Writing Advice from Great Authors

One of my favorite websites is Brain Pickings. The site is a treasure trove of thought-provoking advice from some of the greatest thinkers of our time. Brain Pickings does a particularly good job of collecting writing advice from influential authors, which we can apply to create effective compliance training. 

I've assembled a collection of my favorites below. 

Enjoy!

Write the way you talk. Naturally
— David Ogilvy

The original advertising “Mad Man” David Ogilvy included this advice in his famous 1982 “How to Write” internal memo to Oglivy & Mather employees. Ultimately training will be spoken in one way or another. Either by you. Or by the employee in their head. Don’t use writing tortured with needless adverbs and adjectives. And of course, never use legalese. 

Use short words, short sentences and short paragraphs.
— David Ogilvy

Ogilvy is a wise man, so don't be surprised that his name shows up more than once. Use simple language to more effectively communicate difficult concepts. This is really what training is all about. 

Start as close to the end as possible.
— Kurt Vonnegut

We live every second of the day in chronological order. Build excitement by starting a training story as close to the end as possible. Author Kurt Vonnegut listed “nonlinear” storytelling as one of his 8 tips on how to write a great short story. It also appears in such films as Pulp Fiction, The Dark Knight, Inception, Babel and Magnolia.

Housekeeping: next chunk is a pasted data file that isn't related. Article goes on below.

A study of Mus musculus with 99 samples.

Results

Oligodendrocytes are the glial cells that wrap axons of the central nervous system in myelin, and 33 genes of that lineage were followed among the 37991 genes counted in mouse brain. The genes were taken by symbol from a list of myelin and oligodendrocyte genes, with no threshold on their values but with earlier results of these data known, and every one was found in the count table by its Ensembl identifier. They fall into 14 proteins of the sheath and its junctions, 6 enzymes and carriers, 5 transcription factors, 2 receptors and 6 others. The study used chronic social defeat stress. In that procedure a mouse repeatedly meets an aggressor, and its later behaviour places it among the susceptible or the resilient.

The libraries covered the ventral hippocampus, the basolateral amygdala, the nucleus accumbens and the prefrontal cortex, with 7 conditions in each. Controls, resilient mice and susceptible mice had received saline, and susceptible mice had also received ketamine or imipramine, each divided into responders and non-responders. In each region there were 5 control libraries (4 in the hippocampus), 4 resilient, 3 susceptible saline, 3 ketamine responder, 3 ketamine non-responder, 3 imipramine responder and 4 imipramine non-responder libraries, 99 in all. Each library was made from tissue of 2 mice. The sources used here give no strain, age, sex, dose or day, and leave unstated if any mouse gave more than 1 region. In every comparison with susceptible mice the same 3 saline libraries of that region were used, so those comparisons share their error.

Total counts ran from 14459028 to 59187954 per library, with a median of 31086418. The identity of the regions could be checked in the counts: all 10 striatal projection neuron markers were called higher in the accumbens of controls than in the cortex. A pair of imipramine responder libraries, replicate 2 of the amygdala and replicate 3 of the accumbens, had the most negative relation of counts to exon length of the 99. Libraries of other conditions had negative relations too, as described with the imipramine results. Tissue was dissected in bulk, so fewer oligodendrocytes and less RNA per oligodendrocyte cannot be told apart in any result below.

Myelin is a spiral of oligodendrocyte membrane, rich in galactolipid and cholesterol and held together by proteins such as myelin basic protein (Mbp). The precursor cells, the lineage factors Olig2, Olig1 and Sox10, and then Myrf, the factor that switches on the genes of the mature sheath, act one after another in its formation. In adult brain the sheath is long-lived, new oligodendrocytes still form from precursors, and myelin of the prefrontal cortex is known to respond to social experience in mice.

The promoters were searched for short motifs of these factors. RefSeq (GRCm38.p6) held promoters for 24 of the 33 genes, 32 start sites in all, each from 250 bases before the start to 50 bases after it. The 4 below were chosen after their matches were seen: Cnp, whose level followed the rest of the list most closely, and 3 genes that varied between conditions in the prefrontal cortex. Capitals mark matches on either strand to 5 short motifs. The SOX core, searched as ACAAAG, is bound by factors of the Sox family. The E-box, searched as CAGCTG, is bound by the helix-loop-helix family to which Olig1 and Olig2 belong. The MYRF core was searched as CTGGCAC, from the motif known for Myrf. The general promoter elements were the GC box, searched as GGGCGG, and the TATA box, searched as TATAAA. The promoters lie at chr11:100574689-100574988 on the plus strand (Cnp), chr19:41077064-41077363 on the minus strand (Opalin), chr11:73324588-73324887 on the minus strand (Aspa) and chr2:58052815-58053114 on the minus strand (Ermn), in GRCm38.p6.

For example, insider trading training stories typically start with a list of what the “bad guy” did wrong. Instead, how about starting with the moment they were arrested by the FBI? By using nonlinear storytelling, you can zap your audience awake with an exciting part of the plot. You can always backtrack later. 

Don’t be nervous. Work calmly, joyously, recklessly on whatever is in hand.
— Henry Miller

Sit down and write a story that you would have fun listening to. Don’t worry about seeming “unprofessional” or “too casual”. If you want to inspire your audience, you need to let go of your own fear about writing stories with emotion. Trust me, it’s easy to get too concerned with how professional your writing appears when you work in a stoic profession like law or compliance. 

If you write with fear, your writing certainly won’t be fun to read. And if it’s not fun to read, it definitely won’t be fun for your audience. Do everyone a favor. Write with abandon. 

Write freely and as rapidly as possible and throw the whole thing on paper. Never correct or rewrite until the whole thing is down. Rewrite in process is usually found to be an excuse for not going on. It also interferes with flow and rhythm which can only come from a kind of unconscious association with the material.
— John Steinbeck

Steinbeck advises us to just get the whole thing on paper before going back to revise. When creating a training script, just move forward. Worry about proof-reading and citing later in the process. It will only slow you down and waste your time. 

Do you have any favorites?

Email us today or leave them in the comments below!